Rand Paul speaks on McChrystal and BP
I got a chance to talk to Rand Paul after his low-dollar D.C. fundraiser Wednesday, and asked him about the McChrystal kerfuffle and the controversy over his take on the BP spill.
RN: Do you agree with the president's decision to accept Gen. Stanley McChrystal's resignation?
PAUL: Ultimately it is the prerogative of the president to decide who his generals are. My first thought was, going back to the historic controversy between Truman and MacArthur, but the thing is I'm not sure I'd call this insubordination, but he had a public disagreement and I think -- I don't think anybody questions that it's the prerogative of president, whether it's a small or big disagreement, to decide who generals are at the top level. I haven't read all his comments nothing specific to say.
RN: You've started to take heat for your approach to the BP escrow fund. Do you support the fund, the way it's set up?
PAUL: Well, I don't think there are many people who don't believe in any regulations, myself included, and even my dad -- I don't think you'll hear him say he doesn't believe in any regulation. But I'm not sure I have the answer to that, sincerely. I think everyone in the country wants BP to pay for the clean-up, myself concluded. I've never had any argument with that -- it's amazing how you say things and they get blown into things you didn't say! I'm not even sure I can talk to some people anymore because they take things out of context.
RN: But do you support the set-up of the fund? Do you oppose regulating offshore drilling?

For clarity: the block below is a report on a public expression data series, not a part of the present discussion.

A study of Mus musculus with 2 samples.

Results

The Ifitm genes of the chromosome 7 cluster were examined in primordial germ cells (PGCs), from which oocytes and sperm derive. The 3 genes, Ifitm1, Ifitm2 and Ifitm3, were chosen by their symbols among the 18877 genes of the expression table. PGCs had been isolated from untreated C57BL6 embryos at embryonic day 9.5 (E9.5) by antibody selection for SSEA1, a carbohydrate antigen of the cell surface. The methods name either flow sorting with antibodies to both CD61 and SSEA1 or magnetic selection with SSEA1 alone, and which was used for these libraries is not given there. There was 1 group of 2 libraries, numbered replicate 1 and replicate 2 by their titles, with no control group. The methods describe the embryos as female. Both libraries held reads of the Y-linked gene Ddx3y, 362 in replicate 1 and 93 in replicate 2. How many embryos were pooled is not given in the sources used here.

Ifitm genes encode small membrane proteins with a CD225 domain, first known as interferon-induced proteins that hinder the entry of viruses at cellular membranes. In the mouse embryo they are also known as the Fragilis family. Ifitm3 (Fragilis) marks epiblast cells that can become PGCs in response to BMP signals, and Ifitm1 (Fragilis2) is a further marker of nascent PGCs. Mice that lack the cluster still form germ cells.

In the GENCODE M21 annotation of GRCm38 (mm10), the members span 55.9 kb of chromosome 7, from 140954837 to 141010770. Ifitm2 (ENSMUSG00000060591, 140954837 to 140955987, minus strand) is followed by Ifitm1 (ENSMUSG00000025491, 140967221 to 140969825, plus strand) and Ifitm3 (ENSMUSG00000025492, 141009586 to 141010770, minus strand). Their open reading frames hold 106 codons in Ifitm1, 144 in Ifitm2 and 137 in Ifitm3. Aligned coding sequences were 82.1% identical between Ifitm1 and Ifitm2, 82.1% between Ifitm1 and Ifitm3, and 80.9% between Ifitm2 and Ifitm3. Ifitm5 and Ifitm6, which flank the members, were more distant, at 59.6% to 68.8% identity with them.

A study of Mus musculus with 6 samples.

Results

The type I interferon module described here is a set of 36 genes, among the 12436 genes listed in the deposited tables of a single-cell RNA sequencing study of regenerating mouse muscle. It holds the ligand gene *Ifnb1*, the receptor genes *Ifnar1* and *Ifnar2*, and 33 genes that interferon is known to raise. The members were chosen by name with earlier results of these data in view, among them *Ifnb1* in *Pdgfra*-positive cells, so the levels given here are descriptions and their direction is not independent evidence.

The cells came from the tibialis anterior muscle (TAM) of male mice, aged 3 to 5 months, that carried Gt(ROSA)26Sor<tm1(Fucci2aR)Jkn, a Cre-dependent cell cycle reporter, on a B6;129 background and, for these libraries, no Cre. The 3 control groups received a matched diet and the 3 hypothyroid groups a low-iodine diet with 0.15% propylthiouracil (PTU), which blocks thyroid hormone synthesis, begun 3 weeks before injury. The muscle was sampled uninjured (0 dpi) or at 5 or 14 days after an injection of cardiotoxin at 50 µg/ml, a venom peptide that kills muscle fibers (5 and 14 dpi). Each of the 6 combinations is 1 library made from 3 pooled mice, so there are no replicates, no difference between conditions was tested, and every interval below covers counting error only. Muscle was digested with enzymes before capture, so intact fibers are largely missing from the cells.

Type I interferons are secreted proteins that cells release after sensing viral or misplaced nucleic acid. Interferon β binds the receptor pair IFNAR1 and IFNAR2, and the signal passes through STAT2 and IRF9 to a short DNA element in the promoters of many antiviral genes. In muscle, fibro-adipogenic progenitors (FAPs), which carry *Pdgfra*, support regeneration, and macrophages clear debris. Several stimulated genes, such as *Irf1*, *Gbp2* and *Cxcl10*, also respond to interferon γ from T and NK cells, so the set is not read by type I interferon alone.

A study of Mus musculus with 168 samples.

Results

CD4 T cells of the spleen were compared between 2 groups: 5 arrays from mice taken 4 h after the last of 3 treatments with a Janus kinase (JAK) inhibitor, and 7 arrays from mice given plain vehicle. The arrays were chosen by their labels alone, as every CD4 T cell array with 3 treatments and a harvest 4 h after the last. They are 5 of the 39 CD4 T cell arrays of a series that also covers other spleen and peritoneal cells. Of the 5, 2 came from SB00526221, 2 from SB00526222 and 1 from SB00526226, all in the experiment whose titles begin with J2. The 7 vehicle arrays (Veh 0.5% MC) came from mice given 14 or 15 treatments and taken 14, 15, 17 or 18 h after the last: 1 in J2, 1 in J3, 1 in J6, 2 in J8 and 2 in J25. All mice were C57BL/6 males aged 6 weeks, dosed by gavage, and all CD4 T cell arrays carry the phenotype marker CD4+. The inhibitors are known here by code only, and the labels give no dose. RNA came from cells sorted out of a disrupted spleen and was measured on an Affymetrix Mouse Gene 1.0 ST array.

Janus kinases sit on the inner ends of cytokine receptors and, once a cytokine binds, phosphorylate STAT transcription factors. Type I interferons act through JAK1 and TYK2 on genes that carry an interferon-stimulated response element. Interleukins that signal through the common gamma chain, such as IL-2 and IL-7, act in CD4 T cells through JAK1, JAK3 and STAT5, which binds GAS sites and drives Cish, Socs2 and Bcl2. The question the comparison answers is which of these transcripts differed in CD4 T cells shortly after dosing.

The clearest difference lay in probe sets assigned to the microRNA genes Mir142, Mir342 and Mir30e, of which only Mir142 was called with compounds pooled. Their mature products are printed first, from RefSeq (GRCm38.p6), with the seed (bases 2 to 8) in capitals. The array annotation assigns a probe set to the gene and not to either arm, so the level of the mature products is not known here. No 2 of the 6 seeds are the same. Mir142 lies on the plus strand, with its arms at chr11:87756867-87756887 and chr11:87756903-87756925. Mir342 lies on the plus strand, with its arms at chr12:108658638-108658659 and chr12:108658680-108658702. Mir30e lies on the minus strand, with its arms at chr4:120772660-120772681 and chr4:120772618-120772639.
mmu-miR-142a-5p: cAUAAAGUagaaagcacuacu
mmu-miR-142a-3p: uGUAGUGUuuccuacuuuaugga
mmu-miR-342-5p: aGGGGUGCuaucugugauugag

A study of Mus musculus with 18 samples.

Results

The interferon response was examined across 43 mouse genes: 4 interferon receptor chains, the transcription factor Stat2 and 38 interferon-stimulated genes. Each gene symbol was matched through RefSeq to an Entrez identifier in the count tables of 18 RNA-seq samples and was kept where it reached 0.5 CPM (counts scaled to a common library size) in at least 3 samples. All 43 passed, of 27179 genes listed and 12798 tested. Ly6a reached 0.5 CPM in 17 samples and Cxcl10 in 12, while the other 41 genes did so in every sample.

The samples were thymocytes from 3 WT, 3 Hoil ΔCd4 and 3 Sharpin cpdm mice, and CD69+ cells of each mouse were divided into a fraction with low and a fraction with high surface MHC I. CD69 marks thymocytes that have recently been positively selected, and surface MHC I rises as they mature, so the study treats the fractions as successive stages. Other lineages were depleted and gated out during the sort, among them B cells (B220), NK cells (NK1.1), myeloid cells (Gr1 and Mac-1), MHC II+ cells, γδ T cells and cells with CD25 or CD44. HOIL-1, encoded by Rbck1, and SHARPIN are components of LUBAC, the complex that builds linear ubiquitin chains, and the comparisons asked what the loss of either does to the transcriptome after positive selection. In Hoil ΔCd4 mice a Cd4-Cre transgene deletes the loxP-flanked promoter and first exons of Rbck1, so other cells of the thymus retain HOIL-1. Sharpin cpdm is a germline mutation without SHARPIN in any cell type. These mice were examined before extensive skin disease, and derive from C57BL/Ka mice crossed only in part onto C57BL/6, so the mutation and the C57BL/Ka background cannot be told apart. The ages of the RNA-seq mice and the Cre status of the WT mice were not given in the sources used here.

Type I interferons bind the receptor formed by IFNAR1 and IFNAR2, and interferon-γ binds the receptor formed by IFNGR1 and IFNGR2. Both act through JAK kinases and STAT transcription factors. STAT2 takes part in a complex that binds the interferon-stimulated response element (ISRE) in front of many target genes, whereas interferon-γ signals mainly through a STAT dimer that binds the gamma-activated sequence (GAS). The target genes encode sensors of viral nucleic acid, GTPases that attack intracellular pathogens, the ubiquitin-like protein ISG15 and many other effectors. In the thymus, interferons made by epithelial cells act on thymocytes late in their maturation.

PAUL: There should be some regulations, but I want to do it in a rational, reasonable way, and ask: Did they obey the regulations? Do we not have enough regulation, and do we need two blow-out preventers from now on? These are the things scientists and inventors should tell us. Should we be drilling at that level? There are a lot of issues, but we shouldn't react in an emotional way and say no more drilling. I see some of that emotionalism happening because the president feels trapped -- his advisers say you've got to be tough, you've got to have tough language. I'm not sure that's a rational way to handle this.
RN: To finish up, though: Do you oppose the fund? I'm not going to trap you and ask whether or not it was a "shakedown," but do you think it's legal and legitimate?
PAUL: I was listening to some people on the Hill today, and they were looking for the justification for setting it up. I don't know what the legal justification is -- I'm not an expert in whether Congress has to give you authority or the president has authority to do it. Those issues take research and time, and I'm not going to make an off-the-cuff response.